Chinese Foreign Ministry spokesman Hua Chunying said Wednesday the United States should refrain from accepting a Taiwanese delegation that is planning to attend the inauguration of U.S. President-elect Donald Trump. File Photo by Stephen Shaver/UPI | License Photo
China issued a warning after Taiwan announced a group of lawmakers are planning to attend the inauguration of U.S. President-elect Donald Trump.
Beijing's foreign ministry spokeswoman Hua Chunying said Wednesday that China "urges the relevant party in the United States to not accept any Taiwanese delegation, and to not make any official contacts with Taiwan."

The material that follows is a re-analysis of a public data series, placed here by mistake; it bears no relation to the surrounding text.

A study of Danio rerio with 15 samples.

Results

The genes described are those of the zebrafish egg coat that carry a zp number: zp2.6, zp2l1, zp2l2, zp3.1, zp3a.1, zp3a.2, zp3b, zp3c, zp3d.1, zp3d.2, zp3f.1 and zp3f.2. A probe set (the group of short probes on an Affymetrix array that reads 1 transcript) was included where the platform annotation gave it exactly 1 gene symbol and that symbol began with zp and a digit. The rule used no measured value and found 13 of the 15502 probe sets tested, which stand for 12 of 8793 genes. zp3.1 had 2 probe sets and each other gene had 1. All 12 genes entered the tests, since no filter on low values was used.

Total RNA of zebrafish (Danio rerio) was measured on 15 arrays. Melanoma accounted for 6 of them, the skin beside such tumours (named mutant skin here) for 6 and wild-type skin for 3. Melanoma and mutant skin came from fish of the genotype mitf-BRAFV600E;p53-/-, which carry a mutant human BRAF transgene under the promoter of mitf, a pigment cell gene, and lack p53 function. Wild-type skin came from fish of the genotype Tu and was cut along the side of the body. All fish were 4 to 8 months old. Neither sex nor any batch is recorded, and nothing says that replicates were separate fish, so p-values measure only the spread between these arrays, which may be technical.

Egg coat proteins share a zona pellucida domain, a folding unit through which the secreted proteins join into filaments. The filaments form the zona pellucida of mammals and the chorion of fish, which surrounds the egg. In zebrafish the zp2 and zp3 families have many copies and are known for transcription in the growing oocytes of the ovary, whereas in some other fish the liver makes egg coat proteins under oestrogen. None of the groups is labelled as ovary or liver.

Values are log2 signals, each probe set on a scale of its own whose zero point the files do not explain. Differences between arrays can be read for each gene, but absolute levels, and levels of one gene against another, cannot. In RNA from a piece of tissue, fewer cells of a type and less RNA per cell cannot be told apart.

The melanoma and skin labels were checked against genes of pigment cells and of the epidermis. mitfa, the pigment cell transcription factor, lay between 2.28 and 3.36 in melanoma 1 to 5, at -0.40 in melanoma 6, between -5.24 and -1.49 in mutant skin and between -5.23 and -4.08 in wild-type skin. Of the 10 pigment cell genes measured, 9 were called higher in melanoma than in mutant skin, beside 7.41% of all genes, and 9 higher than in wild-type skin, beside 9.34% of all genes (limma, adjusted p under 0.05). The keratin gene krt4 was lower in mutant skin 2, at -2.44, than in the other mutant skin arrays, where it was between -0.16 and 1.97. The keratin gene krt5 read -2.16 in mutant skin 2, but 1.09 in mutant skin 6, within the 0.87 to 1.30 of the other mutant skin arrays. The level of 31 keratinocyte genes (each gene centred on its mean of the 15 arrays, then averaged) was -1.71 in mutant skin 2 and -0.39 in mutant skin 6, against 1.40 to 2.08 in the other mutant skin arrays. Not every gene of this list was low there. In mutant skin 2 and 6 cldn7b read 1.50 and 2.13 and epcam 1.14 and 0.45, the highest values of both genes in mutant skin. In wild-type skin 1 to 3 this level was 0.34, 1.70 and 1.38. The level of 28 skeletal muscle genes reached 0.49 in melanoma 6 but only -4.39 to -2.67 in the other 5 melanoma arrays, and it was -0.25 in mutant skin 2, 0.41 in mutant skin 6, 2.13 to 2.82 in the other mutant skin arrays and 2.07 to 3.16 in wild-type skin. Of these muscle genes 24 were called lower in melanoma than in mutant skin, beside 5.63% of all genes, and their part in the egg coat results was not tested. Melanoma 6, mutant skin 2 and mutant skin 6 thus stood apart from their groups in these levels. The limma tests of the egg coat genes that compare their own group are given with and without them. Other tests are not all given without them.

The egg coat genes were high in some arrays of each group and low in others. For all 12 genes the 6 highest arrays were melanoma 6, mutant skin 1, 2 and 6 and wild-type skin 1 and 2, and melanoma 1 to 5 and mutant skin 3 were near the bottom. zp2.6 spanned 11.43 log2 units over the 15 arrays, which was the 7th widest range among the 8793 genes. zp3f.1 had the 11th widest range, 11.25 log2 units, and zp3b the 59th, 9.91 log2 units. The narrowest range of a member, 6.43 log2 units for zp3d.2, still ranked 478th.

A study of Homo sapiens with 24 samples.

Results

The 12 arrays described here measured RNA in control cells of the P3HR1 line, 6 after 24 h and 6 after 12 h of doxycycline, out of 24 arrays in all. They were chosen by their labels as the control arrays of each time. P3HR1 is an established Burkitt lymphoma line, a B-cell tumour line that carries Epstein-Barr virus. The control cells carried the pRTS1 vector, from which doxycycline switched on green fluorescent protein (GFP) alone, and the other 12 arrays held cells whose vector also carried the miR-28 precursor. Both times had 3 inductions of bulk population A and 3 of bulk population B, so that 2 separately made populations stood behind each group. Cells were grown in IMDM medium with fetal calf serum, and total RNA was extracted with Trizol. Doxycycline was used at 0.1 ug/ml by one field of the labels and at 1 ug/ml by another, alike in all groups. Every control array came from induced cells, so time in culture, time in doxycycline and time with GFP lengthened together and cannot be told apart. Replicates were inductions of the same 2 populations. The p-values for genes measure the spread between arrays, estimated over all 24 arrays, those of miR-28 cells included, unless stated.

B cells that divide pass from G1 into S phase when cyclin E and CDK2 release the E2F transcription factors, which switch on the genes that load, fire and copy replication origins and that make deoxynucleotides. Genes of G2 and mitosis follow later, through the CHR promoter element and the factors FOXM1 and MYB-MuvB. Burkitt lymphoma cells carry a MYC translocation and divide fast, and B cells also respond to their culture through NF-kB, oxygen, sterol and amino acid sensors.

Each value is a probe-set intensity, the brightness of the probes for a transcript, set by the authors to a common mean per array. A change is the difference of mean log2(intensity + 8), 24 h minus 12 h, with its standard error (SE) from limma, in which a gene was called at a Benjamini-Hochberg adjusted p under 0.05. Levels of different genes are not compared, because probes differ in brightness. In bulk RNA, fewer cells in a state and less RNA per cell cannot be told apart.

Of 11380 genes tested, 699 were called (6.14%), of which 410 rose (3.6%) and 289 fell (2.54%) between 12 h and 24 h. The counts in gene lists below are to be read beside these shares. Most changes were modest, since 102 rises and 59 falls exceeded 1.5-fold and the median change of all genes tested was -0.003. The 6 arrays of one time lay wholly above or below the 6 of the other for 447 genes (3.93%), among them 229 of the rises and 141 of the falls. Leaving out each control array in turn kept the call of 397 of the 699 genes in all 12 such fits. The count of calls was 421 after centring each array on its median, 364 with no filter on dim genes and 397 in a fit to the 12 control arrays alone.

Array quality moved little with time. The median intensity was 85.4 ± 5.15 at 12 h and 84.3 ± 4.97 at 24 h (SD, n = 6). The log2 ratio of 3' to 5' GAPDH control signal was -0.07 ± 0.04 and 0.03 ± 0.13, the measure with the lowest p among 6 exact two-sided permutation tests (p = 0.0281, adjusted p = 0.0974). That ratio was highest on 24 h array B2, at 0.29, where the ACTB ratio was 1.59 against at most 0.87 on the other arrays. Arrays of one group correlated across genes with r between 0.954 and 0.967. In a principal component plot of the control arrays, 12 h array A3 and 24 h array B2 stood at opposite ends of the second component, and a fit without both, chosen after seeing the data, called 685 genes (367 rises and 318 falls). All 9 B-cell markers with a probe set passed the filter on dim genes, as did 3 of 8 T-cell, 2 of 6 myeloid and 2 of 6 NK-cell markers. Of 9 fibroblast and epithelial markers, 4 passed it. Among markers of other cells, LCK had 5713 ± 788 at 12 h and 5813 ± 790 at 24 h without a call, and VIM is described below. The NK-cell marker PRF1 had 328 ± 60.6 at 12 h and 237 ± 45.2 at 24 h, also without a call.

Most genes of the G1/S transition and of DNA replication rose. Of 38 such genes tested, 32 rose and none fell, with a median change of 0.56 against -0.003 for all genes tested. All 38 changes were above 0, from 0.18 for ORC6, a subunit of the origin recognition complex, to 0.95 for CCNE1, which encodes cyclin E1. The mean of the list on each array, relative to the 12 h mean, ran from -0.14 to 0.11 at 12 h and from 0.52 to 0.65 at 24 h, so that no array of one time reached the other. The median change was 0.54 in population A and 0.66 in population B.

"We make this appeal one more time," Hua said. "China has already delivered this position statement to the Trump team and the U.S. administration."
Earlier in the week, Taiwan's foreign ministry announced it would send a delegation headed by Yu Shyi-kun, a former premier under President Chen Shui-bian, according to South Korean news agency Yonhap.
Yu, a member of Taiwan's Democratic Progressive Party, will be accompanied by Taichung Mayor Lin Chia-lung, DPP member Chen Ting-fei, Kuomintang lawmaker Ko Chih-en and Freddy Lim, the founding leader of the New Power Party of Taiwan.
Taipei has previously sent delegations to attend U.S. presidential inaugurations, but Beijing has been increasingly vocal in its criticism of Taipei since Taiwanese President Tsai Ing-wen and Trump exchanged an unprecedented phone call not long after his election victory.
On Tuesday, a retired Chinese military general claimed Beijing's army could take control of Taiwan in 100 hours.
An analyst in Taiwan has dismissed the statement, and said Lt. Gen. Wang Hongguang is "overestimating the capabilities of his military."